One of the buildings on the
campus of Chilocco Indian Boarding School was Haworth Hall. When I attended
school in 1953-55 the building was even at that time very old. The entrance
at the auditorium was one with wide double doors which swung out to a good
sized indoor atrium. To the right of this was where the principles office
was located. In later years this was moved to a basement room.
I spent some time there after
graduating to work as secretary to the principal. Looking back, sometimes I
wonder why they hired such a young inexperienced girl. Someone had to fill
in for the regular secretary while she was on maternity leave but surely
there were more qualified people. Not to complain it was a wonderful time
and a great opportunity to work even if it was just a temporary
appointment. I knew the school, loved the campus, and also was acquainted
with a number of the employees. Everyone treated me well and helped me do my
From the large entry room one
looked up wide steps which led to the upstairs rooms. To the left were the
open doors for the auditorium and stage. A wide walk way went all the way
through and out identical doors directly across this great area.
Part of that very large
staircase went to the basement classrooms and part of it went on upstairs to
The stage in the auditorium
was where many different presentations were made for the students enjoyment.
There was a projector room on up to the top of this room and this is where
movies were shown on a screen. These movies were where girls and boys were
allowed to enjoy each other's company as a kind of date. We all walked from
Home Five, Four, or Three depending on where we were staying. The matrons
sometimes walked behind us, other times they drove their cars slowly while
we walked. Everything was very tightly chaperoned.
On those nights we wore our
best dresses. Some girls wore high heels. We usually always wore hose. The
boys dressed in their best suits and ties. The occasion was altogether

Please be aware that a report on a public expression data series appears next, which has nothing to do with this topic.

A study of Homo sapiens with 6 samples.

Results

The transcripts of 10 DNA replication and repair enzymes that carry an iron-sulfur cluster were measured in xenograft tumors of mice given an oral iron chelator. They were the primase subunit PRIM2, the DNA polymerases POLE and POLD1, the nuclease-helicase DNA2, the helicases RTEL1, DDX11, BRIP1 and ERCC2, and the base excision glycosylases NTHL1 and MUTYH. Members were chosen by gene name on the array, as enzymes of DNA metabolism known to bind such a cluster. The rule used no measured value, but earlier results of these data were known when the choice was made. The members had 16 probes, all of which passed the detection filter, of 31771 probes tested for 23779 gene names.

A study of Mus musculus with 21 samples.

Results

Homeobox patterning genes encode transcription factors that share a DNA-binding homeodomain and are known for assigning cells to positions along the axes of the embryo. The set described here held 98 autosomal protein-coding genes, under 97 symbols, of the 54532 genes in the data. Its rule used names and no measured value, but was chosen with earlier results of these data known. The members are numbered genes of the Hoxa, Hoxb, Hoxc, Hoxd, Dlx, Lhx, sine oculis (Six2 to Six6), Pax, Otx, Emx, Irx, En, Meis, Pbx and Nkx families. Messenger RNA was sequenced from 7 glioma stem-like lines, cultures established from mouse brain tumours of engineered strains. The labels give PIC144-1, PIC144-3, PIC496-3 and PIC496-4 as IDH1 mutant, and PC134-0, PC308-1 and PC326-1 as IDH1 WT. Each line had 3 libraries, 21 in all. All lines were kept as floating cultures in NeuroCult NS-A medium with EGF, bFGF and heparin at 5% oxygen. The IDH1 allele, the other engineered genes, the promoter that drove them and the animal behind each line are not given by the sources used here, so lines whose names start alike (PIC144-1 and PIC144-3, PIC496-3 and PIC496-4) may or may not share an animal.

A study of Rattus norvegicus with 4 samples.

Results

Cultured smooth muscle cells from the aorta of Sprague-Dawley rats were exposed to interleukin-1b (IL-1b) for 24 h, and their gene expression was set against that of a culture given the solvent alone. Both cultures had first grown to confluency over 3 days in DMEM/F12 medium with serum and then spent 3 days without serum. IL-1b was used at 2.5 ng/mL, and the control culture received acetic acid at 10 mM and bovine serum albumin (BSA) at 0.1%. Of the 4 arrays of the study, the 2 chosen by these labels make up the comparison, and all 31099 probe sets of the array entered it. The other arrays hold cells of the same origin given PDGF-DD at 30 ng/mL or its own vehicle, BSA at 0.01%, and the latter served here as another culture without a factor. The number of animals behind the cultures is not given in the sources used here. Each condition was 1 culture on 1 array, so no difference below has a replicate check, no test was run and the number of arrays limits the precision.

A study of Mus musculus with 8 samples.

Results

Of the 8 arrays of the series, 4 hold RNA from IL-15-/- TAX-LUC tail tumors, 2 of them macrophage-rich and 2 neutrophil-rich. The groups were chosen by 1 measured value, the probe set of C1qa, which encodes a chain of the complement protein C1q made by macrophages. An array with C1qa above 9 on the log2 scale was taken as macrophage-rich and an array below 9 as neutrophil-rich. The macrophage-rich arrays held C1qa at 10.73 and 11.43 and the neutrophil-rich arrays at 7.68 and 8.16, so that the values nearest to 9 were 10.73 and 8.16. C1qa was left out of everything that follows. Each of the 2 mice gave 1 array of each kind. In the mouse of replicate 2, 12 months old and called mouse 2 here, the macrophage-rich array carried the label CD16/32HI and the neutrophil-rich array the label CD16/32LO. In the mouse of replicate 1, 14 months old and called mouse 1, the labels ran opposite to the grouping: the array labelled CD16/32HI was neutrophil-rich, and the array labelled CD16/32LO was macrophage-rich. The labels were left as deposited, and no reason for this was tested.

Speeches, pageants, church
services on Sunday, visiting dignitaries, all shared their moments in the
limelight. The choir also presented their programs here. On the nights the
choir performed everyone, boys and girls, gathered in the basement. I
suppose this was to get us organized according to the way we had to march
into the auditorium. We always had fun during these times. Excitement ran
high as we were glad to be doing something different.
Sunday's were the only time
we wore the choir robes as I can remember. I was in the octet and sometimes
had a solo. It was all fun. Mrs. Dyer was our music teacher and I can
remember her getting frustrated with me because sometimes, I forgot the
words. I finally resorted to carrying a small card in my hand with a kind of
short hand on it listing the first word of each line. She didn't like that
much but it was better than forgetting the words. Most of the Indian
children were shy and didn't want to perform with a solo. I wasn't shy, so,
tag I was it. There were other girls who had beautiful voices and when they
would step forward it was a joy for everyone.
This stage was where I
performed with my dancing. That was a labor of love on my part. The stage
lights, music by one of the three B's, and the students accepting my
efforts all are great memories too.
Today old Haworth Hall, named
after the gentleman who chose the site for Chilocco, is quite alone and
quiet. There are no voices from the choir. So far away are the nights of
fun with a date at a movie. Nothing but the sound of the wind through the
broken windows remains. The old maroon velvet curtain still hangs across the
top on the stage with the beautiful C in calligraphy at the middle.